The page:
American Society in Transition

Study of human populations.
A building in which several families rent rooms or apartments, often with little sanitation or safety.
Political machine
An unofficial organization designed to keep a particular party or group in power.
political bosses
Influential politicians who demanded payoffs from business and helped the poor to try to win votes.
The action of coming to live permanently in foreign country.
push and "pull" factors
The push factor involves a force which acts to drive people away from a place and the pull factor is what draws them to a new location.
new immigrants
Immigrants who came to the United States during and after the 1880s; most were from southern and eastern Europe.
ethnic ghettos
An ethnic enclave, or ethnic neighborhood is a neighborhood, district, or suburb which retains some cultural distinction.
U.S. citizens who opposed immigration because they were suspicious of immigrants and feared losing jobs to them.
Refers to economic and military influence of the United States on Western Europe, but also as well to cultural loss of Europe. Reflects an extension of American values on European nations.
Chinese Exclusion Act
(1882) Denied any additional Chinese laborers to enter the country while allowing students and merchants to immigrate.
As far as civilization had moved west; The beginning of Indian-held lands.
Great Plains
A vast grassland that extends through the central portion of North America, from the Mississippi River in the East to the Rocky Mountains in the West.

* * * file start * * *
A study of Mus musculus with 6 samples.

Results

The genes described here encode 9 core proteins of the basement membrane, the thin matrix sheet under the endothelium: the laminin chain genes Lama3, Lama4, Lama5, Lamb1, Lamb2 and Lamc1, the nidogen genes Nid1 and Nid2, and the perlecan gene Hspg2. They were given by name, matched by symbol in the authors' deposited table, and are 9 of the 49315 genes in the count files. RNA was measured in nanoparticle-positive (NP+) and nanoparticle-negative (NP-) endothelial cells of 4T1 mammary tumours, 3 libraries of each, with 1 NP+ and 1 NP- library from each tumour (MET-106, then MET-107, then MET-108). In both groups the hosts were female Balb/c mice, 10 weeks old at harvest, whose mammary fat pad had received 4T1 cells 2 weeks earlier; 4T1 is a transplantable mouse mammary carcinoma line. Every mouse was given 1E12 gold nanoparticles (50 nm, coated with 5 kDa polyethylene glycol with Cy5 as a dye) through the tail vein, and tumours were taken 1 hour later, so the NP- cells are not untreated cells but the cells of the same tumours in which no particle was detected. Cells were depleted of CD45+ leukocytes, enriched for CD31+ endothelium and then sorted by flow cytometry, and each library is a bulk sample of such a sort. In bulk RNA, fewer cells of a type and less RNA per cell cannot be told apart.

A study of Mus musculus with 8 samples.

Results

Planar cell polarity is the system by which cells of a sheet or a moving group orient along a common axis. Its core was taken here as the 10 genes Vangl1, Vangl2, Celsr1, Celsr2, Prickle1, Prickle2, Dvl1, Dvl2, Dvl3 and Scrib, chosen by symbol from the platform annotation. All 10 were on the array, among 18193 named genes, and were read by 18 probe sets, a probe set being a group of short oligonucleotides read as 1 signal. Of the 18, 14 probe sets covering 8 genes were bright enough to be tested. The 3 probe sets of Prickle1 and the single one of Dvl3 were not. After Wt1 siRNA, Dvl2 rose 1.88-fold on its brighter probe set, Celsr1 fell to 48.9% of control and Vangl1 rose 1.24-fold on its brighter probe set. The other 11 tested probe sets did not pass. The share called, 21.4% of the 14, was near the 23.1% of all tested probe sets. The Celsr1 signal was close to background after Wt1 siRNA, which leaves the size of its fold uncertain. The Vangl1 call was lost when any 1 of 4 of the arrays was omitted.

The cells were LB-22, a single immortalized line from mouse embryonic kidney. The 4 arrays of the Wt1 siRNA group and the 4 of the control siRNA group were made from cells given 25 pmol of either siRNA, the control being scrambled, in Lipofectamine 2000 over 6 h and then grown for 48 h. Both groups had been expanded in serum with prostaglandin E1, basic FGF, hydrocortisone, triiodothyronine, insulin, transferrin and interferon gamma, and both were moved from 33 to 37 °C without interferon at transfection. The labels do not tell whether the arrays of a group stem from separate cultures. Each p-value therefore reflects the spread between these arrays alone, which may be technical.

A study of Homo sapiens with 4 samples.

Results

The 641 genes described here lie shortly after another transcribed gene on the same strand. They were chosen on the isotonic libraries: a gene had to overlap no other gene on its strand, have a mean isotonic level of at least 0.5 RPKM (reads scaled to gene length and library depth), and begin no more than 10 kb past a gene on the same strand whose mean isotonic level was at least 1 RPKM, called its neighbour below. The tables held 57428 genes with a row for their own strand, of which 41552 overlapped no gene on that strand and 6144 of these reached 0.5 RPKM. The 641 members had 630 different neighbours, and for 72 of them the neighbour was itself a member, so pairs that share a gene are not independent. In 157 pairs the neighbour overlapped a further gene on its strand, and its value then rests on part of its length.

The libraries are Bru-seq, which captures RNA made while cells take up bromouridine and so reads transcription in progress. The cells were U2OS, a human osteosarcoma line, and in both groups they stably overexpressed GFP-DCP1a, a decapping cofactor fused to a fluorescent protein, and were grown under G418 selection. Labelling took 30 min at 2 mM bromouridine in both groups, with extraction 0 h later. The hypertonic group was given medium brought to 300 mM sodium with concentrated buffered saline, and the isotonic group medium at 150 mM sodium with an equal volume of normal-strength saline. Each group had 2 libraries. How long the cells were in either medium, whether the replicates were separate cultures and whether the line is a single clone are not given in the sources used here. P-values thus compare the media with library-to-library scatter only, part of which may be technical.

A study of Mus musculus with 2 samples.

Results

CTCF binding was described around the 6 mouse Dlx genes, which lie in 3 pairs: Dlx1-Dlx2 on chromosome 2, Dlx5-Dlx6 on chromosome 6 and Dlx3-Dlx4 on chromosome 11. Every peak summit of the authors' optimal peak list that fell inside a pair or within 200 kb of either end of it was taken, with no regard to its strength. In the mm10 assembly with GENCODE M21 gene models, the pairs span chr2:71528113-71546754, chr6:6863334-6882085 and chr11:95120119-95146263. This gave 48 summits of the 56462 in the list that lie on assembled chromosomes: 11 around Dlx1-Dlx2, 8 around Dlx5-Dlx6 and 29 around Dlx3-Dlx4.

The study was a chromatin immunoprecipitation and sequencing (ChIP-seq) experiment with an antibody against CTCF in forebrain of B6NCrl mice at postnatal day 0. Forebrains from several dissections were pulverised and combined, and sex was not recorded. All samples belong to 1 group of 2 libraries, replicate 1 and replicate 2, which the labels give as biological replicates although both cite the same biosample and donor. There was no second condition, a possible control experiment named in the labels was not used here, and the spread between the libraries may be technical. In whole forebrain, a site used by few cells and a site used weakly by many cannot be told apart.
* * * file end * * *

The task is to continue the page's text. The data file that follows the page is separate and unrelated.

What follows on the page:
Klondike Gold Rush
a frenzy of gold rush immigration to and for gold prospecting, along the Klondike River near Dawson City, Yukon, Canada after gold was discovered there in the late 19th century.
Homestead Act
Passed in 1862, it gave 160 acres of public land to any settler who would farm the land for five years.
Indian Wars
Term used to describe the several conflicts with Indians during the 1860s and 1870s as Americans began to encroach upon the Indian owned land instead of just passing through it on their way west.
Areas of federal land set aside for American Indians.
Dawes Act
An act that removed Indian land from tribal possesion, redivided it, and distributed it among individual Indian families. Designed to break tribal mentalities and promote individualism.
American Indian Citizenship Act
law granted immediate U.S. citizenship to all Native American Indians born in the United States.
Political "Bosses"
Influential politicians who demanded payoffs from business and helped the poor to try to win votes.